From reducing suspensions to engaging families, 17 things superintendents can do to combat racism November 29th, 2016ricadmin
Karega Bailey released a new song and video, “Hope Dealer”, and discusses it largely as an anthem for Roses in Concrete Community School, of which he is the Director of Special Education as well as a leader of the arts program. Speaking about the song’s message, Bailey says, “Hope dealing requires the hope dealer to give portions that others may see as fatiguing, but that is the cost to disrupt hopelessness,” a phenomenon to which he contributes – along with all other RiC teachers and staff – significantly.
Jeff Duncan-Andrade was invited to and attended the National Teacher Appreciation Day at the White House in May as a member of The National Commission on Teaching & America’s Future (NCTAF). President Obama honored Jahana Hayes as 2016 Teacher of the Year and acknowledged both Jeff Duncan-Andrade and his fellow commissioner and educator Geneviève DeBose.
Read about this incredible honor in full here.
Google became part of the movement for racial justice this year by awarding $1.75 million dollars to Bay Area schools confronting systemic racism. Roses in Concrete, alone, was granted $750,000. Other grants went to San Francisco Unified’s My Brother and Sister’s Keeper program, the African American Male Achievement program in Oakland, and programs supporting first-generation college students.
Read the full details of the donations here.
Read about what fueled and inspired Roses in Concrete founder, Jeff Duncan-Andrade, to turn his visions of a just, thoughtful educational environment into a reality. Jeff believes in an individualized approach to education – a recognition of each student as their own person with their own needs that must be considered, their own abilities that can be utilized, their own voice that needs to be heard – which he plans to teach to the educators at the Roses in Concrete Community School. Jeff believes in the wraparound approach in education, which will be practiced at Roses because no child can learn in a classroom if they’re hungry, unsafe, or unhappy with themselves. Under the community school approach and Jeff’s vision, the school must take the needs of the community into consideration when mapping out its pedagogical methods.
Roses in Concrete will be a research ground for finding out how to grow great teachers. Through such learning, it, too, will hopefully be a breeding ground for future teachers with the ability to transform the public school system in Oakland and beyond. Read the full article for more details about Duncan-Andrade and the ongoing plans for Roses in Concrete.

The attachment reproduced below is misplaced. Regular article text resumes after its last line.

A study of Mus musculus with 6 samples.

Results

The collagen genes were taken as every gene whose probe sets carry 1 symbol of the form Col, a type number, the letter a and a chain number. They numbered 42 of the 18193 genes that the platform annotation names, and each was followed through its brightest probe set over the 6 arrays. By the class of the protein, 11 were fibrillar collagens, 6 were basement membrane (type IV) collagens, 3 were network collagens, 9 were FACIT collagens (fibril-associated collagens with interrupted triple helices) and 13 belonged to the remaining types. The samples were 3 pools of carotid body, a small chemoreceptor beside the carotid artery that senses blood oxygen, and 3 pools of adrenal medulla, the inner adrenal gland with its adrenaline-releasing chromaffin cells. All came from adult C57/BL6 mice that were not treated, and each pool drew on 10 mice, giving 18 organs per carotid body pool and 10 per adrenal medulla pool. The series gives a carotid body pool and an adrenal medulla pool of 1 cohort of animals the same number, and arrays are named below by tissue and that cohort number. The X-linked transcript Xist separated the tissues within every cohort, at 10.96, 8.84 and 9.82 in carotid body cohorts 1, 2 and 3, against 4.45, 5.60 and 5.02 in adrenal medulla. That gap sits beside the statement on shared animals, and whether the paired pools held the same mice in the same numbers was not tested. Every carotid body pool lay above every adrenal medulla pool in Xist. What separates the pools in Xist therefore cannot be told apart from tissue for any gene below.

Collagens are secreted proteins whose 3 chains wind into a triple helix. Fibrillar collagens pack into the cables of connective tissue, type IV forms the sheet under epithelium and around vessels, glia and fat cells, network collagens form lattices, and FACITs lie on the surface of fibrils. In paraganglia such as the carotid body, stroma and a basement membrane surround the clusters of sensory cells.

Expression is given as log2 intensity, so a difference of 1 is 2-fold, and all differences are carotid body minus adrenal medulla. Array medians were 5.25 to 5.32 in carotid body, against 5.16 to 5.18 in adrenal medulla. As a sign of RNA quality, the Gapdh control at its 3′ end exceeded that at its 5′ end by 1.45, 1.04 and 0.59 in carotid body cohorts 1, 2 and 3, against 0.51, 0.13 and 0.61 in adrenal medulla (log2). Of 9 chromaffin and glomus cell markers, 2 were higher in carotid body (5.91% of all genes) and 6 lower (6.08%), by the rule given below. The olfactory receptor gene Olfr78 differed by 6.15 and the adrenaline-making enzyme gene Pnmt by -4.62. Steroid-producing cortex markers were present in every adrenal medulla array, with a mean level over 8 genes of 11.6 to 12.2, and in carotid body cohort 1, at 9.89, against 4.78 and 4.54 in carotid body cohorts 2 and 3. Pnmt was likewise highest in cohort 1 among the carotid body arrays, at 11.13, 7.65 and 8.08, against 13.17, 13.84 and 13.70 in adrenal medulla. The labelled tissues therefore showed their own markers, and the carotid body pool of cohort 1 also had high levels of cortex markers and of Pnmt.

“Duncan-Andrade’s passion for improving the lives of his students and frustration with the public education system have compelled him to embark on a new project: establishing the Roses in Concrete Community School, where educators will be trained to engage with each student as an individual.” The school will address broken infrastructure that leads to misallocation of resources that leave urban public schools suffering. There will be a focus, too, on pedagogical methods; RiC will be an opportunity to do research on the best teaching practices by witnessing them act in the classroom. Unlike other charter schools, Roses will be specifically educating underserved kids from the vulnerable community of East Oakland. Students will not be turned away for any previous lack of performance in a school system that does not acknowledge or address their history and environment. The school and everyone involved emphasize community and family above all else.
Click here to read the full article.
Read and watch an interview with our kindergarten Spanish teacher, Reena Valvani, who was named a HEROE (Hella-awesome Educator Revitalizing Oakland Education for students) by Educate 78.
By Jamilah King
Violence pervades many neighborhoods of East Oakland leaving youth subject to its physical and emotional repercussions. This article discusses how many communities – particularly communities of color – suffer from PTSD. This form of constant post-traumatic stress, resulting from day-to-day trauma, has been more specifically coined as CPTSD – complex post-traumatic stress disorder. This stress, caused by poverty, violence, and the overall neglect of a community, place youth at far higher risk of death than those who don’t experience such adverse living conditions.
Public schools within these neighborhoods don’t often acknowledge that violence and its impacts on learning and success, therefore perpetuating its existence and negative effects. Roses in Concrete Community school offers the pedagogy and dedicated, well-trained staff to combat those harsh environments and celebrate the tenacity of the children who are forced to live among it; Roses is dedicated to stopping the cycle of violence and growing confident, empowered youth with bright futures.